JetStream president Rich Petersen said he considers the vendor's data protection software -- particularly JetStream DR -- a good fit for hosted services linking on-premises data centers to clouds. JetStream, which spun out of Western Digital in 2016, today closed a $7.7 million Series A funding round. Petersen said a "considerable portion" of the funding will go toward supporting service providers.
"There's been a shift in the market as we go from solutions for on-premises data centers to cloud solutions and MSPs," Petersen said. "Companies that provide hosting services and DR services can use our software as a DR site for businesses and government agencies that have operations on premises. There's more market demand for JetStream DR with these managed service provider partners than there is selling directly to the end customer."
In April, the startup made JetStream DR available to a few cloud service providers (CSPs) and MSP partners. JetStream DR provides continuous replication of applications and data on virtual machines to AWS S3, alleviating the need for snapshots. Data protection vendors Cloudian and MinIO are technology partners. Zerto is the most direct JetStream competitor.
JetStream Software incorporated in 2016 after breaking from Western Digital. The vendor's IP goes back to flash caching software startup FlashSoft, which launched in 2009. Solid-state disk vendor SanDisk acquired FlashSoft in 2012, and Western Digital bought SanDisk in 2016. Western Digital decided against selling the caching software as a stand-alone product, and let Petersen and his team become a venture-backed company. Western Digital is a strategic partner and has an equity stake in JetStream.
FlashSoft founders Petersen, Tom Critser and Serge Shats, and many of its engineers, are part of JetStream.
While at SanDisk, the current JetStream engineering team collaborated with VMware to develop VMware vSphere APIs for IO Filtering, also known as IO Filters. Relying heavily on VMware vSphere APIs for I/O (VAIO), JetStream DR continuously captures and replicates data in the I/O filter layer. It creates a copy in a "warm" VMware cloud that can be immediately spun up in case of a disaster.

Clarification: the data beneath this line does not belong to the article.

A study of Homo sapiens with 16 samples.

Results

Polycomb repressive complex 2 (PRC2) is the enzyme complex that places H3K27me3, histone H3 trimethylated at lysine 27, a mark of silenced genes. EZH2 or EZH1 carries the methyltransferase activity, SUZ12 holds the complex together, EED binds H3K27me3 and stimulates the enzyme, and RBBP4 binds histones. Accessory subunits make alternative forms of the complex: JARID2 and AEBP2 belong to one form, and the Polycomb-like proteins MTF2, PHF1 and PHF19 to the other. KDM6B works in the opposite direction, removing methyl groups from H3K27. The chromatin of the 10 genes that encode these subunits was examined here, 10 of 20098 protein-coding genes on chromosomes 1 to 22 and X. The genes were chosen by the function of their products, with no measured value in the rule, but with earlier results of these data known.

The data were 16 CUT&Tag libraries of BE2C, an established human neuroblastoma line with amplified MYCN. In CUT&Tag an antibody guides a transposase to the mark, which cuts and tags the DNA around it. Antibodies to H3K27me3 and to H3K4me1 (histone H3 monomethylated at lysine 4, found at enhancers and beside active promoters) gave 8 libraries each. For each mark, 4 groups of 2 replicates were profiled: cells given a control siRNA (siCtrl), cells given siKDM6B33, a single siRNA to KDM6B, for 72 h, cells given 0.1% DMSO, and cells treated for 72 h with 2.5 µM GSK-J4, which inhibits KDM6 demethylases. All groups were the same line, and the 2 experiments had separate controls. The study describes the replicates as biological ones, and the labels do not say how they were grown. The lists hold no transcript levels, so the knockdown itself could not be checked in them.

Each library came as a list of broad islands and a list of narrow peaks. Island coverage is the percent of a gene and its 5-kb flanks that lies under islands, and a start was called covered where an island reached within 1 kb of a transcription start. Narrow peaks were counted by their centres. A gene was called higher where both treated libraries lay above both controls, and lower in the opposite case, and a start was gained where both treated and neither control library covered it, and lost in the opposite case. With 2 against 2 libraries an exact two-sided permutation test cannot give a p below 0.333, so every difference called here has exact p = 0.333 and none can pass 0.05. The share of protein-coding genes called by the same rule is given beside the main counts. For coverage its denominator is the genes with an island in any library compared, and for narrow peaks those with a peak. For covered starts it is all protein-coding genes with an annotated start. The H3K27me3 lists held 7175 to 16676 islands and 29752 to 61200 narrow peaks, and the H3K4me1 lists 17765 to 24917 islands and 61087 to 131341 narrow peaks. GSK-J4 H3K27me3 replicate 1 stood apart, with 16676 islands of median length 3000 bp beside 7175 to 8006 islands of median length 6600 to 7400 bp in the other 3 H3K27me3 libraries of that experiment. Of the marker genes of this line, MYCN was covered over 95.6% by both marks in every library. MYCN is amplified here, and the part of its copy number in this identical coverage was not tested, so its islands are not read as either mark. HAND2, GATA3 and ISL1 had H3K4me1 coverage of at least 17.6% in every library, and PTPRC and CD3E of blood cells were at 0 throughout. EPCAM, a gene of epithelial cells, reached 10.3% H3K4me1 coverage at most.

JetStream applied IO Filter technology to its JetStream Migrate software launched in 2018. It also sells JetStream Accelerate application optimizing software based on the original FlashSoft product.
Petersen said his target partners are service providers looking to build DR services for VMware shops. He said a few large telcos already use JetStream DR. "That's not our main focus but provides a good revenue stream," he said of the telco market.
ENS moves to standardize on JetsStream DR
Enterprise Networking Solutions (ENS), an IT consulting firm based out of Rancho Cordova, Calif., was an early JetStream DR partner. Chad Hodges, ENS vice president of business development, said ENS became a beta tester for the product in August 2018.
"The minute they told us what they were doing, we said we wanted to be a beta tester," Hodges said. "We've always looked for more elegant, more intuitive ways to do the data movement that needs to occur to affect real, true disaster recovery."
ENS works with other major backup vendors, including Zerto, Rubrik and Veeam. Hodges noted when building a DR plan for his clients, many of the products offered by other vendors simply had backup copies saved on a cloud somewhere. He felt JetStream backup was much better focused on minimizing downtime, restoring from copies that are minutes old on a cloud that is designed for immediate failover.
Chad Hodges Vice president of business development, ENS
"We're going to be moving toward standardizing on JetStream more and more as we onboard more companies," Hodges said. "But we try not to shift people away unnecessarily. That causes other issues downstream."
Hodges said another reason he added JetStream to ENS' repertoire was because of its hardware flexibility. Because replication happens at the VMware level, the underlying hardware doesn't matter. Hodges found that many of his customers can't accurately predict the amount or kind of hardware they need because they don't know how big their businesses are going to grow or what new rules or mandates will affect them in the next two or three years. Therefore, they're wary of buying products that lock them in to particular vendors or configurations.
"They don't want to be hamstrung by a hardware decision they made," Hodges said.
JetStream supports only VMware's hypervisor, although Petersen said the vendor will look at other virtualization partners.
As a Microsoft partner, ENS uses some Hyper-V, and Hodges said some of his customers are on Nutanix, but the vast majority of virtual environments among his client base is VMware.
"Obviously, VMware is the big fish in the pond when it comes to hypervisor," Hodges said.
Hodges said while JetStream enables a company to run everything without downtime, it's best to include something else on top of JetStream's continuous data replication to ensure you can restore to older backup data, if necessary.
He said he would like to see JetStream seamlessly work with traditional, snapshot-based backup software or other products outside of the data protection space, such as ServiceNow.
"Replication is inherently flawed in that you can replicate corruption, deletion and other things you don't necessarily want, so you still want to do point-in-time backup," Hodges said.
Digital Alpha Advisors led the JetStream funding round, with Illuminate Ventures and the startup's seed investors participating in the round.